Positive Thinking Boosts Your Overall Health and Wellness

Helpful tools to integrate into your daily life to practice positive thinking
Helpful tools to integrate into your daily life to practice positive thinking

We all go through hard times and, most likely, we all handle difficult situations differently. We experience failure, we get a bad health report, we experience financial hardship, we experience a failed relationship or we lose everything in a natural disaster. For me, it was the loss of my 18-year-old daughter, Janelle. These are times when the pain and devastation can be overwhelming. You feel shock, numbness, denial, confusion and disbelief, all at once. In addition, one may feel helpless and have no sense of hope. Quite frankly, it feels like the end of the world. In these cases, it is helpful to have some guidance and support along the way to help manage your well-being. Circumstances like these can bring on a negative disposition such as overreaction, anger, violence, revenge, losing hope and faith, psychological distress, depression, substance abuse and suicidal thoughts. As the year comes to an end and you reflect on the past year, would you have taken a more positive perspective on a negative situation? Did you know that doing so would have been more beneficial to you for your overall health and wellness? According to Rev. Dr. Charlene M. Proctor, founder of The Goddess Network, an on-line educational resource for topics on spiritual growth, positive thinking, consciousness and unity, a person practices positive thinking when they derive a positive sense of well-being, optimism, belonging, meaning and/or purpose from being part of and contributing back to something larger and more permanent than themselves.

The objective is to create an outlook that translates into a new or better chosen reality. In my case, it was keeping faith and belief in God that great things were in store for us, even though we experienced such a tragic loss. Speaking and thinking positively on a daily basis helped us cope and heal from our loss. It helped us build strength and encouragement to endure.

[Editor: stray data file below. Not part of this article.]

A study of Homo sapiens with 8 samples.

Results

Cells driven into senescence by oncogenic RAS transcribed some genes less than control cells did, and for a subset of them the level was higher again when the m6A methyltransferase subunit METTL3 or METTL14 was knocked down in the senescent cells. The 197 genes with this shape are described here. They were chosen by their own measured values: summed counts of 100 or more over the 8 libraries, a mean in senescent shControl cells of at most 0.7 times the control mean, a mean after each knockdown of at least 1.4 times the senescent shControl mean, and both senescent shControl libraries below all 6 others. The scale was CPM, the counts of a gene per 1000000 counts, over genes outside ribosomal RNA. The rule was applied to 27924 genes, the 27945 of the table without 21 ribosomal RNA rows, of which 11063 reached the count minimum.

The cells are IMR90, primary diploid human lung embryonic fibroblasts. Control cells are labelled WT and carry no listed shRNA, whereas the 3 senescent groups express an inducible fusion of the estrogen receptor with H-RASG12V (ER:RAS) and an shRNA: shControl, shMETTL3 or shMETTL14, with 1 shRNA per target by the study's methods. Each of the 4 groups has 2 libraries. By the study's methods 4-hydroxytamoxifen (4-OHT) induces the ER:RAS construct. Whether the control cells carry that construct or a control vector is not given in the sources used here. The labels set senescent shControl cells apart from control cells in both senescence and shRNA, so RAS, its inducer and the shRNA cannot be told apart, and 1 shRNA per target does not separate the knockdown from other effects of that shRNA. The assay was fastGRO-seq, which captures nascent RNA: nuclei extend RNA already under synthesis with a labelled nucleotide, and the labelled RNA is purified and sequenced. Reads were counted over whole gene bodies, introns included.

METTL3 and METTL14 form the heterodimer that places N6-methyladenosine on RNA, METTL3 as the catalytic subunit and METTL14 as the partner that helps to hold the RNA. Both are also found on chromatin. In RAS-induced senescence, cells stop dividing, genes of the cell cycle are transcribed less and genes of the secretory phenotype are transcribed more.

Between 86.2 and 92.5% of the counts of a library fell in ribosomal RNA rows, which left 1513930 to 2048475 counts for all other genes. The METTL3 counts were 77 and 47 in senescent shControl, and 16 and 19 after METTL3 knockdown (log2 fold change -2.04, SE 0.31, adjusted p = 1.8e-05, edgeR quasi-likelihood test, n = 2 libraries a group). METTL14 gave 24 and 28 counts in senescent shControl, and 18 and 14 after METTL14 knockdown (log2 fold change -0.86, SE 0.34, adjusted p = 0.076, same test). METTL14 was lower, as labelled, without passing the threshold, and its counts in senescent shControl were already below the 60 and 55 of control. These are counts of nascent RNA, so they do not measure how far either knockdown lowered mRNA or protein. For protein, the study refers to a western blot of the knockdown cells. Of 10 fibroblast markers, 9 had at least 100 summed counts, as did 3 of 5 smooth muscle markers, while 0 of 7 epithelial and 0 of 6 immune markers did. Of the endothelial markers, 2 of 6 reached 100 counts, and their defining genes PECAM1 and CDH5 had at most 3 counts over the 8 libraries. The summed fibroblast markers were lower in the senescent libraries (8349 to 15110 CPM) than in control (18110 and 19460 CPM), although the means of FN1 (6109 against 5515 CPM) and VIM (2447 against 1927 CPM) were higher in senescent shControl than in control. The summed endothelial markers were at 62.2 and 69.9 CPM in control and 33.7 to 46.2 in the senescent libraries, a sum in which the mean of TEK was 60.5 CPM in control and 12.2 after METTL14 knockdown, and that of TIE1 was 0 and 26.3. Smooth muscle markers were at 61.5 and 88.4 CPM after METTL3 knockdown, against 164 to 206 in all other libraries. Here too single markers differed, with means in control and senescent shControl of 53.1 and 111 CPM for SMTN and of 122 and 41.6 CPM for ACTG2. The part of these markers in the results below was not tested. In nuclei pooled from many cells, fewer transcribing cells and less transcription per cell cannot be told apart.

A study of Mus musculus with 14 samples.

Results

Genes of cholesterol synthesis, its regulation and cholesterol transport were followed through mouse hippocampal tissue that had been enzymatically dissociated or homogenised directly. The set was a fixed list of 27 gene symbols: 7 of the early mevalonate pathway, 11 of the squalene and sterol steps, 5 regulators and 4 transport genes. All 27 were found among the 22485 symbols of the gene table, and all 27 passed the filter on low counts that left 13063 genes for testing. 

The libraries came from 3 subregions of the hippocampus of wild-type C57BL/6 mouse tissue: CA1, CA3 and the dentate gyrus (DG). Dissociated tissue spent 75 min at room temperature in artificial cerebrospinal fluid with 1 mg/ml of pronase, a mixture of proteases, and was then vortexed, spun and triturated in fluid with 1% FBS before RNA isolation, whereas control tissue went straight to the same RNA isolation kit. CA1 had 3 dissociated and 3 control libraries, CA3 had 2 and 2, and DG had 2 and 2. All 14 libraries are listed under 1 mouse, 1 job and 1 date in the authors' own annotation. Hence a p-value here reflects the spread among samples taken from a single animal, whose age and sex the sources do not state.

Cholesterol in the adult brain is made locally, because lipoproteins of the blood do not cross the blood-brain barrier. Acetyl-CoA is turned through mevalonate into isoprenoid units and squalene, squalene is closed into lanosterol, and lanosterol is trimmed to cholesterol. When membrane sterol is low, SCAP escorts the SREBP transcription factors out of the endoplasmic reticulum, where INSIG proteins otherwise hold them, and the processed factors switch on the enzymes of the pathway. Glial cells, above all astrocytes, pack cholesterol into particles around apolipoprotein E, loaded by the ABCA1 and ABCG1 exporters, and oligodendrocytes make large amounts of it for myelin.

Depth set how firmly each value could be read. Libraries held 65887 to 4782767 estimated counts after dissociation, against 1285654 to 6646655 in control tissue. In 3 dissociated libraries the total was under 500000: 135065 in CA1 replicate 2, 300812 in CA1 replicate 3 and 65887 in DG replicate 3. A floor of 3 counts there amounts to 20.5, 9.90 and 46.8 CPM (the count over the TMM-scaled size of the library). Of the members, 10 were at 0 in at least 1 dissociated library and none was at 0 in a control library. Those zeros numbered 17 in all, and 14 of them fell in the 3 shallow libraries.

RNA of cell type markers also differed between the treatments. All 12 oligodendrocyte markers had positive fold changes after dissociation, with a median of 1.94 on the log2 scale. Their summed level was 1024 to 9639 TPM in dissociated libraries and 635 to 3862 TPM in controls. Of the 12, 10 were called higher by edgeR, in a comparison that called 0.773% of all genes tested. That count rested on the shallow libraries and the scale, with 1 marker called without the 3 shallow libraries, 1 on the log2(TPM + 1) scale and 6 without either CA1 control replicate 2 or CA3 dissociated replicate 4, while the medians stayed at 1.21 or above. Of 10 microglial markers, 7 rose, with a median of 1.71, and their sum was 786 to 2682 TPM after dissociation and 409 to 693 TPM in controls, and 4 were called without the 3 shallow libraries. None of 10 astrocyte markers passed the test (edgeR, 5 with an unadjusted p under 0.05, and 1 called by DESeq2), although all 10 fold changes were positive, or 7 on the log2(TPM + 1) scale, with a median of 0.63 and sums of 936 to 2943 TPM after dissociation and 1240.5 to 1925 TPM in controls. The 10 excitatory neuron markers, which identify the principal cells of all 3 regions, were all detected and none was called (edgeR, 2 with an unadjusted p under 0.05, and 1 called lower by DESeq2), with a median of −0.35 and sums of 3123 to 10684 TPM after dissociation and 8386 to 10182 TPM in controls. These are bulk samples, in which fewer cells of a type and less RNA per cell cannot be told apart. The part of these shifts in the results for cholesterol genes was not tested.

Ultimately, we were blessed with the opportunity to fund a scholarship in Janelle’s honor. We didn’t know where the funding would come from, but we knew God had a way. He did indeed. This year, after raising $25,000 via softball camps and the generosity of family and old and new friends, Monmouth University will award an annual scholarship in Janelle’s memory for as long as the college is in existence. Coincidently, Janelle’s softball jersey number was seven which, in the Bible, is the number of completeness and perfection (both physical and spiritual). It derives much of its meaning from being tied directly to God’s creation of all things. Nothing could be more gratifying and relieving, and provide such closure than this.

It’s been proven that thinking positively when negative events happen in your life can actually have an effect on your overall well-being. The power of positive thinking won its scientific credibility in 1985 when psychologist Michael F. Scheier and Charles S. Carver published their seminal study, “Optimism, Coping and Health: Assessment and Implications of Generalized Outcome Expectancies” in Health Psychology.

Some health effects of positive thinking include increased life span, greater resistance to the common cold, lower cholesterol, reduced risk of death from cardiovascular disease, better coping skills during hardships and times of stress or depression, slower aging, great relationships, reduced stress, increased resilience, increased tolerance to pain and hypertension prevention.

Developing the habit of positive thinking versus thinking negative thoughts is the most beneficial skill one could have. Consider these tips to help you overcome negative thoughts: 1. Smile 2. Make a conscious effort to replace negative thoughts with positive ones 3. Remember, it’s only temporary and this too shall pass 4. Meditate or do yoga 5. Surround yourself with positive people 6. Express gratitude and remember, it could be worse

Additionally, for patients struggling with illness or dealing with a major life change, RN Central has compiled a list of “100 Positive Thinking Exercises That Will Make Any Patient Healthier & Happier.”